A bill setting stricter standards for Alabama's five abortion clinics is getting closer to becoming law. The Senate Health Committee approved the bill 7-3 Wednesday. The yes votes all came from Republicans and the no votes from two Democrats and one independent. The sponsor, Republican Representative Mary Sue McClurkin says it will make clinics safer. The bill requires abortion clinics to use doctors who have approval to admit patients to hospitals in the same city. It also sets stricter building standards. The bill has already passed the House and now goes to the state Senate for a vote.
Montgomery's Violent Crime Rate
Violent crime has surged in Montgomery since the start of 2013. At a Montgomery City Council meeting Tuesday night, Mayor Todd Strange said the number of homicides, robberies and aggravated assaults are up 22 percent form the same period one year ago. There have been 13 homicides in the Capital City since January 1st. Only five murders were reported thru the end of February 2012. The number of burglaries and thefts are down so far this year.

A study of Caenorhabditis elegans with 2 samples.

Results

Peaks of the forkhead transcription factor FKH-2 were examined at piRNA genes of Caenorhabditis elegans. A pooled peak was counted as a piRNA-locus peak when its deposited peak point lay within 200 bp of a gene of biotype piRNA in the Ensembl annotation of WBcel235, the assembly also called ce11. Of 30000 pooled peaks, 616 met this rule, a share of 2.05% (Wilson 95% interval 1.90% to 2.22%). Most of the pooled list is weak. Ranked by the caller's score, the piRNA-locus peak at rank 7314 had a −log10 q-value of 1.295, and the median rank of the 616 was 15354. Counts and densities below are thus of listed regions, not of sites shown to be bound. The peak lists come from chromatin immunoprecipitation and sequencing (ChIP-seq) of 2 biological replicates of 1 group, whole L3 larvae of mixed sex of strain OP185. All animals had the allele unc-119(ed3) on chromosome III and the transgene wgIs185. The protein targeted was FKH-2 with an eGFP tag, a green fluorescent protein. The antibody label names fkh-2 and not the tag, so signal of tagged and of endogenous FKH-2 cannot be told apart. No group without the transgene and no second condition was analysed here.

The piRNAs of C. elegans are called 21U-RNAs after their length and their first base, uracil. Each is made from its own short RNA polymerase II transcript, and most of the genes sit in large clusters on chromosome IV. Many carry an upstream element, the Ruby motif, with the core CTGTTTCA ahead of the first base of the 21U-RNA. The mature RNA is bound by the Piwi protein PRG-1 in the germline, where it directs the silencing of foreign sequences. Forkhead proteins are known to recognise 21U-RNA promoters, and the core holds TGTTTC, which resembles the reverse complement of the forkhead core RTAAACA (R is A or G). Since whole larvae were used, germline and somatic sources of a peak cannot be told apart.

Prattville police are responding to a surge in firearms purchases by offering gun ownership and safety courses. Officials say the five-hour courses will be offered on the last Saturday of each month through October at the department's gun range. Police say the March class roster is already full. Officials say participants must be 21 or older and pass a criminal background check. Participants are asked to bring 50 rounds of ammunition and a belt holster. The course costs $10 dollars. The fee is used to pay for targets and other supplies.
Youth Offender Status
The House Judiciary Committee has approved a bill to exclude those charged with the most serious crimes from having their cases settled under youthful offender status. Youthful offender status means young people, usually younger than 21, can in most cases keep their convictions secret. The sponsor says the bill would send a message to young people that if they commit certain crimes they will be treated as adults. The bill goes to the House for debate.